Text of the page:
Learn how to prepare a canvas, wooden panel or paper for oil painting using gesso.
Surface preparation in oil painting involves painting layers of primer onto your chosen surface.
Using a primer has many benefits and by making sure this is part of your process, you can ensure that each painting you create is structurally sound.
Use this guidance to find out what to use as a primer, why you should use it before painting and how to apply it to your surface for best results.
Surface preparation is key when oil painting. If you don’t prepare your surface properly, all sorts of problems can arise.
Priming a surface provides tooth (what the paint needs to adhere), coverage, colour (oil paint becomes increasingly transparent with age, so the colour of your primer is important) and it also makes the surface more rigid.
Gesso effectively acts as a foundation for your paint. I would also advise using a surface sealer if you are painting on raw wood, cotton or linen. The sealer will create a barrier between the surface and the layers of paint that will be applied. If you paint straight onto a canvas or wooden panel without preparing it first, the oil from the paint will be absorbed into the material, causing pigment to remain dry on the surface and the material to rot underneath.
If your surface has already been primed in a factory, as most canvases you buy these days are, it’s not essential to prime it yourself, but you can change the texture, rigidity and absorbency of your surface by putting some extra primer on.
There are several different methods you can use to prepare a surface for oil painting. In this post I’ll run through how to prime a surface using acrylic gesso. There is an alternative way of doing it using ‘size’ (rabbit skin glue) then an oil-based primer, but using an acrylic based primer is much more straightforward as it’s the easiest to apply, cheapest to buy and quickest to dry.
The process you’ll use is the same for all surfaces—canvas, wood and paper.
Choose your gesso
This part is really important, some acrylic grounds have a tendency to absorb oil from the upper layers of your painting, making them look dull and creating a phenomenon called ‘sinking in’.
Choosing the right gesso ground and carefully preparing your surface for the paint is just as important as choosing which paint to use.
This primer by Michael Harding is non-absorbent, meaning that the primer won’t suck the oil from your paint. This ground will make your painting appear vibrant and luminous.
Alternatively, this gesso by Liquitex has a slightly more standard formulation. It’s more absorbent and is used by professional artists worldwide.
What else do you need?
- A surface to paint on
- Fine sandpaper
- Wide, flat brush (soft bristles)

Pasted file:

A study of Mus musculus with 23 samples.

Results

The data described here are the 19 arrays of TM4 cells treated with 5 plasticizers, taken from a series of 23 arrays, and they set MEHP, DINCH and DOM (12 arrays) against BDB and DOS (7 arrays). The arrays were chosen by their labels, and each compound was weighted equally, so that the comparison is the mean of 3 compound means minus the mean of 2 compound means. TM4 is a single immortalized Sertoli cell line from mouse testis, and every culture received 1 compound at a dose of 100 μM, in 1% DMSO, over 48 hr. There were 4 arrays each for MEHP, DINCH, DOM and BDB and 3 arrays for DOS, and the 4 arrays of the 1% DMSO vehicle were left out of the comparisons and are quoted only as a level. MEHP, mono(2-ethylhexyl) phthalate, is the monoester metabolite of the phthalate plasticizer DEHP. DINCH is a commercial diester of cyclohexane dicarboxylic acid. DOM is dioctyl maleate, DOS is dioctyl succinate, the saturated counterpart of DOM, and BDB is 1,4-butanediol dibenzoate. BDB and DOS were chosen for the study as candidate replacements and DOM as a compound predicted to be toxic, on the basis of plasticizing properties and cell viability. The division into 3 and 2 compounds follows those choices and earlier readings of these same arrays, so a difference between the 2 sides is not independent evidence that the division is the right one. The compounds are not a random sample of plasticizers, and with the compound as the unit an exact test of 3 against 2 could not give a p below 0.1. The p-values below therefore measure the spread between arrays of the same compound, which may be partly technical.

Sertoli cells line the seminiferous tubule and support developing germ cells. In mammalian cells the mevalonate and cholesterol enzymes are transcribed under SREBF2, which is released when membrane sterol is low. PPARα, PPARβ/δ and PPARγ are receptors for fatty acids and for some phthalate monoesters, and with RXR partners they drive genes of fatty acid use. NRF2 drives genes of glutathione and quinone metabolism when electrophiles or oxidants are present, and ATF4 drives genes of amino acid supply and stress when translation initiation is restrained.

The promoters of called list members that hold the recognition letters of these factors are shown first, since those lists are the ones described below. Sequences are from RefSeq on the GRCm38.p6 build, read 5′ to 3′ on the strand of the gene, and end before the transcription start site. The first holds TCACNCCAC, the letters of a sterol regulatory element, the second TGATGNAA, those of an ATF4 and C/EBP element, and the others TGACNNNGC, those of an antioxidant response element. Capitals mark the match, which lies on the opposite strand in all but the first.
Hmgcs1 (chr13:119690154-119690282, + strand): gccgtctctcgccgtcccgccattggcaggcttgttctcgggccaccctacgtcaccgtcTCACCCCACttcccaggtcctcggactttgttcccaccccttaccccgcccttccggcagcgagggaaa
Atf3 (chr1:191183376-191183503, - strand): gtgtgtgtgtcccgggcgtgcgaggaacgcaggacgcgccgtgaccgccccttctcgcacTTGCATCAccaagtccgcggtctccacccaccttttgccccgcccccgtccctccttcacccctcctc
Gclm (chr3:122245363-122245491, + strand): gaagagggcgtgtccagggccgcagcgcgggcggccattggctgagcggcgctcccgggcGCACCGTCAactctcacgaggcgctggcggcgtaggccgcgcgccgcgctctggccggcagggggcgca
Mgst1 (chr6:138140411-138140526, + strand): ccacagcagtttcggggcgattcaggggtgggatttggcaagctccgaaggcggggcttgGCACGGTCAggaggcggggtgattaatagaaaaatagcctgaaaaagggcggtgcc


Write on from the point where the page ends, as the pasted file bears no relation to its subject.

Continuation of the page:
- Jar for mixing
- If you are painting on raw linen, cotton or wood, I recommend sealing the surface prior to priming. Use Golden’s Gac 100 sealer.
How to prime a surface with gesso
- If you’re painting on raw wood or canvas, paint two coats of Gac 100. Make sure to cover the whole surface. Gac 100 doesn’t take long to dry—around 30 minutes.
- Wait for the first layer of sealer to dry before applying the second layer.
- Sand your surface to give an even ground for the first layer of gesso to adhere to.
- It’s optional to dilute your gesso. Added water acts to increase the flow and coverage of your primer. For the first layer of gesso, I would avoid diluting it, however. It is best to read the instructions on the bottle of the primer you’ve chosen to buy as it will tell you the exact measurements, but the general rule of thumb is one part water to four parts gesso.
- Coat the surface with gesso. Brush in one direction (i.e horizontally or from top to bottom) and making sure you’ve not missed any parts. Slightly overlap your brush strokes to make sure it’s all covered.
- Wait for the surface to dry, this could take up to two hours depending on how thickly you applied the gesso and which gesso you are using, but should be much quicker. The average time is around thirty minutes.
- When the layer is dry, gently sand the surface with circular movements to create an even surface.
- Wipe the dust off with a damp lint-free cloth and wait for it to dry.
- Repeat this process twice more. When you apply gesso, alternate between painting horizontally and top to bottom for each layer.
- Your surface should be fully covered and have a smoother appearance. If you want your surface to be smoother, just repeat the painting and sanding process twice more. This way you can get an eggshell finish.
- If you’re working on paper or panel, it’s best to put a few coats of gesso on the back too. Sand in-between layers as you did before.
If you’re just beginning on your oil painting journey and you’re not quite sure what supplies to get, start with this beginner’s guide. It’ll teach you about all the tools and materials you need to start oil painting and give you valuable advice on how to use the supplies to get the best results.
If you want to stock up on oil painting supplies, check out the shop.